Morning Musume | Rainbow 7

The following is a repost from my old blog. This past year held the tragic news that producer Tsunku got throat cancer and had his vocal cords removed. Altho I haven’t been a fan of the direction of the group since the late 00s, I still love the old records and if you count yourself as a fan of the music and are not saddened by this event, you are a horrible person and deserve to fail at every stupid thing you do. This is definitely one of my strangest and most thorough reviews and I’m going to try not to read it as much as possible before I change my mind. And now, an excuse to use the horizontal rule:


Needs Moar Tsunku

I was messing around the other day with hooking my boom box to my 8-track. Long story, but the point is the CDs got switched around. I cued up a track that I thought was going to something I recorded earlier. It was something else. But I didn’t place it right away. I was using a stereo cable into a mono input. It didn’t notice the mistake listening to my own recording because it was in mono. But now I was only hearing half the song. The hilarious half? Maybe.

It was Rainbow 7.

Yes, you can do this digitally. It might even sound a little better. But I never had a reason to try. And I’m sure other people have noticed this, slowly taken off their headphones, closed their eyes, and tried to forget, tried to forget….

No, I have to post it. I think it’s cool. You can hear down into the mix, not just the backing voices (sometimes multiple Tsunkus or other backups), but there’s a lot going on that you just can barely hear in the full mix. They spent time putting in that in there. For me, that’s a lot of the greatness of it. If you have not heard this music at all, this is not a good place to start. If you have and not really gotten why I keep going on about it, maybe it helps. Maybe it seems even dumber. But I don’t think so. I can’t make you like it, but maybe I can get you to respect the process of it? RE-SPECT.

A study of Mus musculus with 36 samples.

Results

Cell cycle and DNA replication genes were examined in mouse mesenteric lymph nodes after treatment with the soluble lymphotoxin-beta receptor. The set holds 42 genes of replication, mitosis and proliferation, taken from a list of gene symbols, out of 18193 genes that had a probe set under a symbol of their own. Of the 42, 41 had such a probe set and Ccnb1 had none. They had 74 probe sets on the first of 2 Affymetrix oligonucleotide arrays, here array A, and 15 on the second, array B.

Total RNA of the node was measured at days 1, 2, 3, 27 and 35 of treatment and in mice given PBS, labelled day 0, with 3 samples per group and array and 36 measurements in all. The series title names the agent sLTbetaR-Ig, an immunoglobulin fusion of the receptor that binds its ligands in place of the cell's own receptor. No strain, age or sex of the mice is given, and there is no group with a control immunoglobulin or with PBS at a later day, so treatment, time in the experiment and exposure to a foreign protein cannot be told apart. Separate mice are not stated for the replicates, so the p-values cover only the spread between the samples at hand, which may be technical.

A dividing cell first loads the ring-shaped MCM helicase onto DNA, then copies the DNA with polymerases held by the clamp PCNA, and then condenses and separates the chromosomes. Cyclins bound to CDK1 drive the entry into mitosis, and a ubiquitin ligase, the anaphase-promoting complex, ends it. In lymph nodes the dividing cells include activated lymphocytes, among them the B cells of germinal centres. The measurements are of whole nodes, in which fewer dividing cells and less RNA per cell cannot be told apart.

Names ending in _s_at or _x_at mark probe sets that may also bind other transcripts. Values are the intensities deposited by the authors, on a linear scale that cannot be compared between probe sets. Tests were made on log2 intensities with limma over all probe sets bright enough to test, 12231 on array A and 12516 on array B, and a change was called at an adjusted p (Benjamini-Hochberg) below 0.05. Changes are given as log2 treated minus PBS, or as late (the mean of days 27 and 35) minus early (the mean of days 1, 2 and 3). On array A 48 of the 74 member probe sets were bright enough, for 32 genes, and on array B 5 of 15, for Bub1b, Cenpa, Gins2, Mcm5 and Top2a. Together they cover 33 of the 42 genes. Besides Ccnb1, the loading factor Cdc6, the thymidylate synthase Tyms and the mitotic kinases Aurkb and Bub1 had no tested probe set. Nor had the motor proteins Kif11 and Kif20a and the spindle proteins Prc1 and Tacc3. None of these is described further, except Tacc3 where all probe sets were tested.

WARNING
If you have to this point successfully denied the presence of “the voice”, or have some mental method of blocking it out, maybe don’t ruin it. Some things cannot be unheard.


It’s this thing again.

You may be new. I’ve got this idea I’ve been working on a while. It’s supposed to make writing music more simple, so instead of expanding the idea with each post, I’m gonna recap the whole thing each time I come up with a better way to put it out there. Here goes:

Music is a language. It express pure emotion more than ideas. (Lyrics are not music, put that aside.) If you think of language as math, you are already likely a poor communicator, so for music it would be even worse. So, do not be confused by the use of numbers. Yeah, a computer program can write a song, who cares, not about that either. If you write a song in the traditional manner well enough, a computer program can also play it back it you, a fully programed feeling, if you like. Not so with this method. A computer could almost never get an accurate reading of a song written in this manner. (It would have to be a really terrible song.)

Let’s try it with one of the most terrible songs of all time, “Happy Birthday”. I hate it, but everyone knows it and it’s recently become public domain, so it’s perfect for this demo:

5 | 5 | 7 | 5 | 10 | 8
Hap- py Birth- day to you

5 | 5 | 7 | 5 | 0 | 10
Hap- py Birth- day to you

5 | 5 | 5 | 2 | 10 | 8 | 7
Hap- py Birth- day dear who zit

3 | 3 | 2 | 10 | 0 | 10
Hap- py Birth- day to you

Now before you start worrying about the proper hyphenation of “Happy”, check out the third line. “Birth” is a higher note, isn’t it? It is, exactly an octave higher. You might want to mark that in some way. But you don’t have to.

If you want to get mathematical, which you might for a sound art installation or figuring out how to fix the acoustics of a room. That would involve real math involving putting notes into numbers and there is already a system for that, each key on a piano, for example, has it’s own soundwave frequency number. Musicians usually only think of the number they tune to, which is usually A440. But here are all the A’s on a grand piano:

3520 Hz
1760 Hz
880 Hz
440 Hz
220 Hz
110 Hz
55 Hz
27.5 Hz

This is quite nice and neat compared to pretty much every other note, which have a lot of decimals. (Only exception: C7/Double high C @ 2093.00hz.)

So what.

  • no octaves, melody can be played by any instrument or singer
  • no sharps and flats, every key equally easy to write in
  • promotes wide interpretation/adjustment of the melody

Back later with how this makes transposition much easier, which I screwed up before. Check out all the posts but it’s a work in progress. Dankon.